Hawai‘i Pacific University Uses Lasers to Investigate Corals and Marine Debris
Hawai‘i Pacific University (HPU) received a nearly $320,000 grant from the National Science Foundation for the acquisition of an ultramodern Raman spectrometer that uses complex lasers to analyze coral reefs and marine debris found off Hawai‘i’s waters and beaches. HPU’s Makapu’u campus is an ideal location for ocean research, adjacent to coral reefs and near the epicenter of plastic accumulation found in the Pacific Ocean. HPU’s Raman spectrometer will be the only one of its kind in the state of Hawai‘i.
“This technology will help us understand how Hawaiian corals are affected by climate change,” said principal investigator Thomas DeCarlo, Ph.D., professor of oceanography at HPU. “The lasers are so precise that we will have the capability to generate 100 data points across the width of a human hair. At HPU, we are deeply interested in how the fundamental microscale process of coral growth is affected by climate change.
“Raman technology will allow us to learn further about how corals grow, how corals respond to ocean acidification and warming, and it will let us better understand the structural properties of polymers found in marine debris.”
Ocean acidification and marine debris are two of the longest-lasting impacts to marine environments. Marine calcifying organisms like coral reefs, mollusks, crustaceans, sea urchins, and sea cucumbers are highly sensitive to ocean acidification; and a wide range of marine species, from fish to whales, are affected by plastics that accumulate in the oceans.
“HPU’s Center for Marine Debris Research (CMDR) currently has one of three chemical instruments that I call the ‘trifecta’ for microplastic research,” said co-principal investigator Jennifer Lynch, Ph.D., HPU research scientist. “That’s the microscope FT-IR. The second in the trifecta is the pyrolysis-GC/MS, which is currently being procured by the National Institute of Standards and Technology, to be installed at HPU’s CMDR by December 2021.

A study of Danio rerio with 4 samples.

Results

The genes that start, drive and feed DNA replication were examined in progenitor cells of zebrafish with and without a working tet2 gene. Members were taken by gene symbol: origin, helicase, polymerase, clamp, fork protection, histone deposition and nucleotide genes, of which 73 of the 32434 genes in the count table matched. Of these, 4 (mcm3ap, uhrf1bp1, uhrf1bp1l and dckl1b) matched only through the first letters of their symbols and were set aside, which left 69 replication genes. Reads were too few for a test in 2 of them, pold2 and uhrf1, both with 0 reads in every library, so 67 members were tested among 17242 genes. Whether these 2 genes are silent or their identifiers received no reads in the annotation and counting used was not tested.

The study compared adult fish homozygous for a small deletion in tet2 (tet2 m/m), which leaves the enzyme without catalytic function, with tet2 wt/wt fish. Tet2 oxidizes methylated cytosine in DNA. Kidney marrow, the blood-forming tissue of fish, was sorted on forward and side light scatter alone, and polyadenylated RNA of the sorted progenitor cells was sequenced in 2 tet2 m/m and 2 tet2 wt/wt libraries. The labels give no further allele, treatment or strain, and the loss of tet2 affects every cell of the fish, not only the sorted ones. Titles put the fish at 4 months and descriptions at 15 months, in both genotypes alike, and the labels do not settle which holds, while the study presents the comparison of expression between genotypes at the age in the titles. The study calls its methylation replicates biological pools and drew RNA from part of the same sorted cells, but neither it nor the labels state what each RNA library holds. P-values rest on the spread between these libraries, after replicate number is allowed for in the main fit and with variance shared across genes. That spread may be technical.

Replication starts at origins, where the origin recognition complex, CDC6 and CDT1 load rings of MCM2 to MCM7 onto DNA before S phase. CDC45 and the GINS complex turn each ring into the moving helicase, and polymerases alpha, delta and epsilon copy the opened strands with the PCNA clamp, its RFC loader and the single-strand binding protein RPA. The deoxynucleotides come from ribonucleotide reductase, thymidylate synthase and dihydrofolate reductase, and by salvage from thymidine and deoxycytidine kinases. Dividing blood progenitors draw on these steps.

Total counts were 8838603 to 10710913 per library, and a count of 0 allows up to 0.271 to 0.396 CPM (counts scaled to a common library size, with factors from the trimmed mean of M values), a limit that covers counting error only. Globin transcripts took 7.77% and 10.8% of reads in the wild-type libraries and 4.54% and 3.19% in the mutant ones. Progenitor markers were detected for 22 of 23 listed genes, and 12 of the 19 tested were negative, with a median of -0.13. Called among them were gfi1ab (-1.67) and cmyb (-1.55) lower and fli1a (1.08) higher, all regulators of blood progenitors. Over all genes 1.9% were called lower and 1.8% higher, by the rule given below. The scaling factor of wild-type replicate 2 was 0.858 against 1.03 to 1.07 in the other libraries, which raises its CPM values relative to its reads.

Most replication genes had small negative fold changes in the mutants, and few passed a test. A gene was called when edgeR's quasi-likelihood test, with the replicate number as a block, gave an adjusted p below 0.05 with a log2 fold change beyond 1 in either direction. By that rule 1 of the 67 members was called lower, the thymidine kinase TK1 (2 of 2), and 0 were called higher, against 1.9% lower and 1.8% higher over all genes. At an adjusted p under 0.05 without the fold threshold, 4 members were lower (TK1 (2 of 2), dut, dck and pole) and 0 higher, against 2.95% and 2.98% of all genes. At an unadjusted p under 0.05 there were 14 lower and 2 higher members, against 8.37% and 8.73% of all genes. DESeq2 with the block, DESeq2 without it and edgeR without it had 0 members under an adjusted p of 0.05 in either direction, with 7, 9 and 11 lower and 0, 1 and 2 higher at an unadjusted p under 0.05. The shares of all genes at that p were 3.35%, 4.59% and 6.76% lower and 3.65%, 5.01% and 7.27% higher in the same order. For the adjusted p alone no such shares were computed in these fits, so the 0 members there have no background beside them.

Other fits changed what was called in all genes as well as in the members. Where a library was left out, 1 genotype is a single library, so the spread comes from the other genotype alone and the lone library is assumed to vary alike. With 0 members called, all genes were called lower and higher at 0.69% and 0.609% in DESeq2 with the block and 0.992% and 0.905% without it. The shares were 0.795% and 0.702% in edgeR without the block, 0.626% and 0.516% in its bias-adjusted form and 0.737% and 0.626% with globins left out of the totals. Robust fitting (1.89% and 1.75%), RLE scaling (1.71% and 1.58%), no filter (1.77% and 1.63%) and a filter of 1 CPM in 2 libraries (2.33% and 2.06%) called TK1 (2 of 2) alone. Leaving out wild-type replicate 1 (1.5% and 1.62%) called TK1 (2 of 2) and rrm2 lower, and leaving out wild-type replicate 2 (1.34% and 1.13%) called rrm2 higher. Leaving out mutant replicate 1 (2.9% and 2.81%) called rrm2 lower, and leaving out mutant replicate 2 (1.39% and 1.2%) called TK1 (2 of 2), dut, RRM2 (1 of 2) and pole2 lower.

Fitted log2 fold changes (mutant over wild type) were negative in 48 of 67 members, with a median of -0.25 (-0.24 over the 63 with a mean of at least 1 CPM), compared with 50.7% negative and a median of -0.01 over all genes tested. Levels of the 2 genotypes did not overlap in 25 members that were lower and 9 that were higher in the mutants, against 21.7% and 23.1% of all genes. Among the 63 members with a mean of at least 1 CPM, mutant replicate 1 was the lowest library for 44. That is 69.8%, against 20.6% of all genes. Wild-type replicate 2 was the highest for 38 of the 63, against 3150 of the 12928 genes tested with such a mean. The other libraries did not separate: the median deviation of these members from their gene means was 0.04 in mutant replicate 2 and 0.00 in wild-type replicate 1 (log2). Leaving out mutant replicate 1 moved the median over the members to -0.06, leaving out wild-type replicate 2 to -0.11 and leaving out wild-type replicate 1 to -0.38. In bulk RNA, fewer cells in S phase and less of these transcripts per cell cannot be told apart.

“With the addition of the Raman spectrometer, HPU will complete the ‘trifecta.’ There are very few labs across the world that focus specifically on plastic pollution. I can count them on one hand. In the US, most researchers in this field must drive or ship their delicate filtered samples to other cities or states for analysis on just one single instrument. HPU’s CMDR is being outfitted to become a global leader in microplastic pollution research.”
Visiting researchers will have access to the Raman spectrometer, and the instrument will be the focal point of new laboratory classes that will substantially improve the training of undergraduate and graduate students at HPU.
“The Raman spectrometer is one of the best machines in the world to analyze corals and marine debris,” says DeCarlo, “and it’s a great teaching instrument because it is fairly simple to use despite the complex technology behind it. We expect it to be ready for use by spring 2022.”
To learn more about the Department of Natural Sciences at HPU click here.